AN “extremely vicious and wicked” scam saw an 81-year-old man being conned out of his life savings by men pretending to be Revenue Commissioners and now one of the con men has been jailed for three years.
Detective Sergeant Michael Reidy testified that the victims of this crime were two men aged 81 and 55.
“They were visited at their home by persons purporting to be from the Revenue Commissioners. Demands were made for funds on the basis of tax liability.
“The injured parties would receive a telephone call and instructions to have monies available at a particular time or date. For instance, they were told in a call on a Friday to have €5,000 by Monday.
“He (the injured party) would go to the carpark of Charleville church. He (the person he met) said he was a tax collector,” Det. Sgt. Reidy said.
These phonecalls, followed by meetings and payments at the church car park resulted in the injured parties having their life savings reduced to nil, the investigating sergeant testified at Cork Circuit Criminal Court.
Threats were also made to the injured parties that if monies were not paid they would be brought before the courts and their names would be splashed across newspapers as tax defaulters.
“Both men were relieved of their life savings,” Det. Sgt. Reidy said.
They took out everything they had in their post office accounts, the older man cashed in a life assurance policy and still more money was being demanded.
“14 acres of land were put up for sale to meet the demands of these people purporting to be Revenue Commissioners. The people they (the injured parties) met were very convincing men. They were all the time of the belief that they were Revenue Commissioners,” Det. Sgt. Reidy said.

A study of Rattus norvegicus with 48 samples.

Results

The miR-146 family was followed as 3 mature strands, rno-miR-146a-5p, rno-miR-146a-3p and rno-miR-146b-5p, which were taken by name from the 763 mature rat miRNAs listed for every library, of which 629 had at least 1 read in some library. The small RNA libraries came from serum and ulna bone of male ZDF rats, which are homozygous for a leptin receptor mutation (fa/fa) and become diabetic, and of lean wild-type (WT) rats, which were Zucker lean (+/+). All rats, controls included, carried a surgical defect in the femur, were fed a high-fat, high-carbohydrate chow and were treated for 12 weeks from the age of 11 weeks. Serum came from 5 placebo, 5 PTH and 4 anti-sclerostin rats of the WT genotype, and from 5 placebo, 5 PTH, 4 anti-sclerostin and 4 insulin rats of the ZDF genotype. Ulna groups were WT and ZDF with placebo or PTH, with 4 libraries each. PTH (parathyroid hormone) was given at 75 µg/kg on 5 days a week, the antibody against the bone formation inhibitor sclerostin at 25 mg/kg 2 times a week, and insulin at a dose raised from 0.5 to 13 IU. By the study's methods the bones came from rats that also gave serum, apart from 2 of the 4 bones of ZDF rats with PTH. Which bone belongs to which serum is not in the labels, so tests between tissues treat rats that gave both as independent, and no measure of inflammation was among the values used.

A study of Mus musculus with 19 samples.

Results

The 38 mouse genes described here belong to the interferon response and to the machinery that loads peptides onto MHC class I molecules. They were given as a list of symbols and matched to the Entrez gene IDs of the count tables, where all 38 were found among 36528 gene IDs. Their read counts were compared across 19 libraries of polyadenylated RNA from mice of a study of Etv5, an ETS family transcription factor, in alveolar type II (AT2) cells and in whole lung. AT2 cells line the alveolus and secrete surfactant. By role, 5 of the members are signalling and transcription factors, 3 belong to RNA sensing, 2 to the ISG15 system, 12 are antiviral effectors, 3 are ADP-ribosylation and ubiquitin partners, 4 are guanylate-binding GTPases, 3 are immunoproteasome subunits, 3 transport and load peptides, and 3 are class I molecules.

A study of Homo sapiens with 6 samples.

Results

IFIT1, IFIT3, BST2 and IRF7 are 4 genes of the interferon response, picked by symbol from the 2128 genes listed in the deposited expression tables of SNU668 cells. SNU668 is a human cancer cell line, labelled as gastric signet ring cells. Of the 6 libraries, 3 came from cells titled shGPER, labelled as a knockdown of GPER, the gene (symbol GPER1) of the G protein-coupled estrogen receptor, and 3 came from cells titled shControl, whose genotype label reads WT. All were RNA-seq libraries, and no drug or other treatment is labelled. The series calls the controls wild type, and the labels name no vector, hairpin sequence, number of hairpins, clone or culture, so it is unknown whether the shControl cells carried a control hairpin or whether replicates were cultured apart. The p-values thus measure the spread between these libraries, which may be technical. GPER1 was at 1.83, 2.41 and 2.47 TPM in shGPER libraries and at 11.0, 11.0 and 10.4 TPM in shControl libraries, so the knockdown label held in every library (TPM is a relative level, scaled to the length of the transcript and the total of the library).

When the gardaí were eventually made aware of what was happening they were present for one of the meetings arranged for the handover of €5,000. The gardaí moved in and 21-year-old Patrick O’Donnell of 97 Assumpta Park, Newcastlewest, County Limerick, was arrested.
A total of €48,200 was stolen. €30,000 was repaid.
Apart from this activity the defendant had been previously involved in the gathering of scrap metals, Judge Seán Ó Donnabháin was told. The defendant had no previous convictions. Defence senior counsel Tom Creed said the accused was the man who was physically turning up at the meetings to collect money but other parties were involved in making the calls and setting up the scam.
“He was under the sway of others. He was one of the lesser involved,” Mr Creed suggested. Det. Sgt. Reidy agreed, “He was not the brains behind the operation per se. But he was an important cog in this operation.” Mr Creed asked for leniency and said the young man suffered from depression.
Judge Ó Donnabháin said, “This is an extremely serious offence. A pattern was set up whereby men were identified first and then preyed upon.
“The money was extracted from them. What is still regarded as the greatest threat of all – the Revenue Commissioners – these two men were in living hell. One of them used to get sick when he got the phonecalls. It went on continuously.
“Bit by bit, all but their entire life savings were extracted from them.
“I cannot say Patrick O’Donnell was the main man but he was actively taking money in this scam from two innocent men outside a church in Charleville. He was an active participant in an extremely vicious, wicked scheme. He did it more than once.
“He and his family have made significant efforts. €30,000 of the €47,200 has been paid back to the victims. But the idea that more money might be got if a suspended sentence might be available, just won’t wash.
“To put people through this in their homes is really horrendous.” The judge imposed a sentence of five years with the last two years suspended.
O’Donnell pleaded guilty to ten charges related mainly to sums of around €5,000 and one of €2,000 and another of €7,000.